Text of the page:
A new study has revealed that many consumers are suffering from “security fatigue” as a result of relentless cybersecurity warnings which have led to many of them failing to protect themselves online.
The study was conducted by the US National Institute of Standards and Technology (NIST) by conducting in-depth interviews with a wide cross-section of Americans between the ages of 20 and 60 living in rural and urban areas in both low and high-paying jobs.
A large number of participants ignored the warnings they received from a variety of sources when it came to staying safe online. Many were also left feeling worn out as a result of constant software updates and the increasing number of passwords to remember. NIST warns that this “risky behaviour” may make these users more prone to an attack.
One of the experts who co-ordinated the study, computer scientist Mary Theofanos, explained how NIST inadvertently discovered that consumers were being affected by security fatigue, saying: “We weren't even looking for fatigue in our interviews, but we got this overwhelming feeling of weariness throughout all of our data.”
A great deal of the study's subject's responded that they felt “overwhelmed” by the notion of having to be alert for digital threats at all times. Others admitted to being worn down by the ever-growing number of passwords, pins and secure credentials they had to remember to access their favourite sites and online services. Regarding passwords and the way in which cyber security has expanded, Ms Theofanos said: “Years ago you had one password to keep up with at work. Now people are being asked to remember 25 or 30. We haven't really thought about cybersecurity expanding and what it has done to people.”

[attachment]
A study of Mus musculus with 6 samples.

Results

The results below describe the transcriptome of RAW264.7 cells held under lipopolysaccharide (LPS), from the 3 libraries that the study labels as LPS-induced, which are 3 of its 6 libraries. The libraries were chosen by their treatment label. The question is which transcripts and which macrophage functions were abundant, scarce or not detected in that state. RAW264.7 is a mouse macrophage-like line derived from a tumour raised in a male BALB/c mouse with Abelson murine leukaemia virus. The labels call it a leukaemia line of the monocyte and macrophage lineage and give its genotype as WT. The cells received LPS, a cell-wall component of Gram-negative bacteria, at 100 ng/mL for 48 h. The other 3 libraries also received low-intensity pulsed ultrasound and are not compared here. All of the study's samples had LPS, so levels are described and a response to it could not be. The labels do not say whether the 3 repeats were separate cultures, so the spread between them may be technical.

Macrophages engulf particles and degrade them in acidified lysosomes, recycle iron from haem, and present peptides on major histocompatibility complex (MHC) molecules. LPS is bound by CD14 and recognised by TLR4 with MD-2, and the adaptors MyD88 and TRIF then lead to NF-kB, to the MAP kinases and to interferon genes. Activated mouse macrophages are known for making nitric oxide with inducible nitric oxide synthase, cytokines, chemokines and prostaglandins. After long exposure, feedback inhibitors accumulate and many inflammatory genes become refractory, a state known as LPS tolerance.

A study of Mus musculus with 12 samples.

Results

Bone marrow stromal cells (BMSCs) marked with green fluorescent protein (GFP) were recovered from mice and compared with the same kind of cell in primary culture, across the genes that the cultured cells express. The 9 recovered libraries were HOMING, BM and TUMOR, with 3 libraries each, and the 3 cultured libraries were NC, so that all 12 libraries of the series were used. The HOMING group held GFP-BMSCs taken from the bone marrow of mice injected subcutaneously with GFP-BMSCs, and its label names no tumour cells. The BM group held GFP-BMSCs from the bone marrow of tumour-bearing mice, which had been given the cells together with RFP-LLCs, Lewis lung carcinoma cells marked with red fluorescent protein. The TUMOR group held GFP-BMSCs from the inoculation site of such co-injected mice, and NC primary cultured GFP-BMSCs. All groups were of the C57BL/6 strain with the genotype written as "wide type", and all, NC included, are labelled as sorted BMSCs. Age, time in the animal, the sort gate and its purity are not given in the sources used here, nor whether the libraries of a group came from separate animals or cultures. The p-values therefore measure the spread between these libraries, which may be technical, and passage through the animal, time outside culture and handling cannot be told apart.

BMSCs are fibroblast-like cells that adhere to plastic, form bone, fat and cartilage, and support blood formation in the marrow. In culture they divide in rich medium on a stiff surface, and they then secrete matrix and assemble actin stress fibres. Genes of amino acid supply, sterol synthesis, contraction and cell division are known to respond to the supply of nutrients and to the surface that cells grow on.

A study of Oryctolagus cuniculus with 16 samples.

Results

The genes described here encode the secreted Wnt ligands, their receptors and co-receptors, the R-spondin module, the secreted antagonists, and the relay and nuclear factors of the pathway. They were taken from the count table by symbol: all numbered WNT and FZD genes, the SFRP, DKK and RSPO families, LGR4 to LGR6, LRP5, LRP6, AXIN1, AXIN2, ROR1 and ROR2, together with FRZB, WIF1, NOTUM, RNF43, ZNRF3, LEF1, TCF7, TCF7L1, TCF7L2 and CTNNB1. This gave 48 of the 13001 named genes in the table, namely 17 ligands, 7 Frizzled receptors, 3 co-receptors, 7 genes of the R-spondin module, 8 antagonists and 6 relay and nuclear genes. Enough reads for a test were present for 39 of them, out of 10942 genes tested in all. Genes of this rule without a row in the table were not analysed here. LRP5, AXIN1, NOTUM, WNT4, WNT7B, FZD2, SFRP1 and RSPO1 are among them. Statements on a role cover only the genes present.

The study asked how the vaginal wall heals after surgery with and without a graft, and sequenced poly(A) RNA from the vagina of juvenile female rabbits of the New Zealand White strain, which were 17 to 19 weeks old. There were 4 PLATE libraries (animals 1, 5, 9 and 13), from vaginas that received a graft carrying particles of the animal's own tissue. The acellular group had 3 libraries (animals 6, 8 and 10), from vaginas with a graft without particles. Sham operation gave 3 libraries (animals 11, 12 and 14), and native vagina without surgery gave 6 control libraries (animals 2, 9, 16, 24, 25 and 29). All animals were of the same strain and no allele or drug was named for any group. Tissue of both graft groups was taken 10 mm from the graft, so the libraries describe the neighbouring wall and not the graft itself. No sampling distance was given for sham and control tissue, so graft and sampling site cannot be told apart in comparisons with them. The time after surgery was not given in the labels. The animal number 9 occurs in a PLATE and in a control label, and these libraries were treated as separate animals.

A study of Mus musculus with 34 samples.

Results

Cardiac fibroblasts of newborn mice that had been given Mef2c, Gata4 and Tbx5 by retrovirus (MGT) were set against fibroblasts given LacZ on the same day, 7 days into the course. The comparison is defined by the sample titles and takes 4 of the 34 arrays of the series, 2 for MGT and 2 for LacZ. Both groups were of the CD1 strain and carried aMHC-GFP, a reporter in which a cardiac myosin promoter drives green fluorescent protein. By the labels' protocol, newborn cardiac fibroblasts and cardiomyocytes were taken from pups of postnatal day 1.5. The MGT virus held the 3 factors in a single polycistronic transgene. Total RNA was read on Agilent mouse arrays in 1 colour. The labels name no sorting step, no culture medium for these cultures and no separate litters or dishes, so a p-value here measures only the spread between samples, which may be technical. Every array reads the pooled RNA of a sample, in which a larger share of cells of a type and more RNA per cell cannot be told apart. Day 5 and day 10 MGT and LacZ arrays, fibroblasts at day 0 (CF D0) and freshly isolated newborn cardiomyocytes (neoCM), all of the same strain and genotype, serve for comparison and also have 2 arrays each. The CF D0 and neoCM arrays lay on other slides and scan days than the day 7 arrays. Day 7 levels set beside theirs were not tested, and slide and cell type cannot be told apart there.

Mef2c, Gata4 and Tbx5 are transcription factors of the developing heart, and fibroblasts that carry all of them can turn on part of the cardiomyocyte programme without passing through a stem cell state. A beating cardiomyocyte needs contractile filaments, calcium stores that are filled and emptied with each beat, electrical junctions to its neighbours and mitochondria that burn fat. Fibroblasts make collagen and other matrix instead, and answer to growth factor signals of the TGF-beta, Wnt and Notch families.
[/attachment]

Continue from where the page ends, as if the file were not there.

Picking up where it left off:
Responses from the consumers who were interviewed revealed that many were fatalistic about how they could avoid falling victim to an online attack with many acknowledging that they would likely be attacked at some point. Others wondered how they could remain safe online while many large corporations had failed to do so.
NIST is planning a follow-up study that will target individuals working in the technology sector to see if their feelings about security align with those of the general public.